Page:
Mike Hogan, wearing his barbecue apron and a glass of wine in hand, tells me that Stanford football fans don’t actually like good wine. That’s why he brought merlot and chardonnay to his tailgate.

“One of my favorite things is cooking in the parking lot in fall afternoons,” he says. “It’s wonderful. Everyone comes in and has a smile on their face.”

He’s grilling some carne asada for tacos and some teriyaki chicken today and — regardless of whether you support Stanford or Oregon — he’s offering anyone a meal, especially if students walk by him who have been drinking way too much before the game kicks off.

Back in July, UO announced new rules for home games.  The Eugene City Council approved earlier tailgating, which can start up two hours earlier. The UO went on to eliminate re-entry, require clear bags to enter and expanded alcohol vendors.

University police applauded the decision. UO Police Department Chief Matt Carmichael said in a statement that too many fans would leave at halftime and pound down booze during the 15-minute break. That could mean more unruly behavior and medical issues.

If students and drunken fans want to keep the booze flowing, they’ll have to pay for Autzen’s $9 drinks.

Hogan says he likes the new rules because so far he hasn’t been stuck in a long line to get to his spot in the parking lot.

Removing the right for re-entry is a problem for Sally Plowman.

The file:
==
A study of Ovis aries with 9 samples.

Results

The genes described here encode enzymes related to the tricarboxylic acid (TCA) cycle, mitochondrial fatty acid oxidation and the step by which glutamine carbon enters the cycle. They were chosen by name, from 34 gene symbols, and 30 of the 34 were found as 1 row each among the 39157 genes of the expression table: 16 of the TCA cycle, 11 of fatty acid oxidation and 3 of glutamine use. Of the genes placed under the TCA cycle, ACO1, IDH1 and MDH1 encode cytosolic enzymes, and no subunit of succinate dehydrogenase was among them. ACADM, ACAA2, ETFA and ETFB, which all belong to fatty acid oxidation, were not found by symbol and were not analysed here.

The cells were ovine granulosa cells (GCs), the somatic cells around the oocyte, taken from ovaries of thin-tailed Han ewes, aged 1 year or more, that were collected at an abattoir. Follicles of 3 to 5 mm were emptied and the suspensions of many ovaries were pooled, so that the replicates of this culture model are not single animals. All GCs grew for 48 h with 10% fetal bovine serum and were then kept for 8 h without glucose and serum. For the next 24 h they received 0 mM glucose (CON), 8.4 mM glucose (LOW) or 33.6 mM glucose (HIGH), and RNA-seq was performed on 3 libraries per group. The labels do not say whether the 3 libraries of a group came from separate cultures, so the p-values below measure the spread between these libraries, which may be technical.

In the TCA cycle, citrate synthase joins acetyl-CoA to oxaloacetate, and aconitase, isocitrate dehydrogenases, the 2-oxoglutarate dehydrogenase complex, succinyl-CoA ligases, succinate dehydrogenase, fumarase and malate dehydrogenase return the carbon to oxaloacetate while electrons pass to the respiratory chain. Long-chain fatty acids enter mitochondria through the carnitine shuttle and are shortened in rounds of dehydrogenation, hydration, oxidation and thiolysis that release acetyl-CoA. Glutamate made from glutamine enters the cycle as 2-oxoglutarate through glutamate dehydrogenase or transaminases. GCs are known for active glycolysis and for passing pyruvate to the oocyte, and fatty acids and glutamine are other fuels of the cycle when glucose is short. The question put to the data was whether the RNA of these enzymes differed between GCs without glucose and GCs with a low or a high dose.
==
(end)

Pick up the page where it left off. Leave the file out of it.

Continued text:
Migraines are a medical issue for her, and being out in the sun for a whole game (a typical football game can reach nearly four hours) can be taxing for Plowman. She says now she can’t go back to her car parked outside Autzen at halftime to get some sort of relief during the 15-minute break.

The Sept. 22 game against Stanford was the first real test of how prepared Autzen Stadium is for the new tailgating rules. With nearly a full stadium, I decided to pull a rookie move and take a bathroom break during halftime — partly because I was stuck in the middle of the 72nd row, and I didn’t want to wade through fans during the game.

It felt like every one of the 58,000 people in the crowd and I were in line together. The massive line drew countless jokes — with the low-effort jokes revolving around “I thought this was the women’s line.”

More serious observers, though, viewed the lines for beer and bathrooms as the result of the UO’s revised stadium rules.

The new tailgating policy doesn’t seem to rein in general lousy Duck fan behavior. As Stanford football players left the field after they lucked out with an overtime win on Sept. 22, The Athletic captured video of Duck fans throwing water bottles at the players.

The expanded tailgating hours will end next year unless the Eugene City Council approves a permanent change. The City Council will require the UO to submit information about tailgating traffic and alcohol-related arrests during the 2018 season compared to previous years, a coordinated plan with nearby neighborhoods regarding emergency vehicle access, a policy that addresses re-entry and problematic drinking, and a plan to enforce underage drinking laws.

With the first important home game behind us, my guess is the new policy hasn’t gotten rid of all the unruly behavior.

May God help us when the University of Washington Huskies are in town.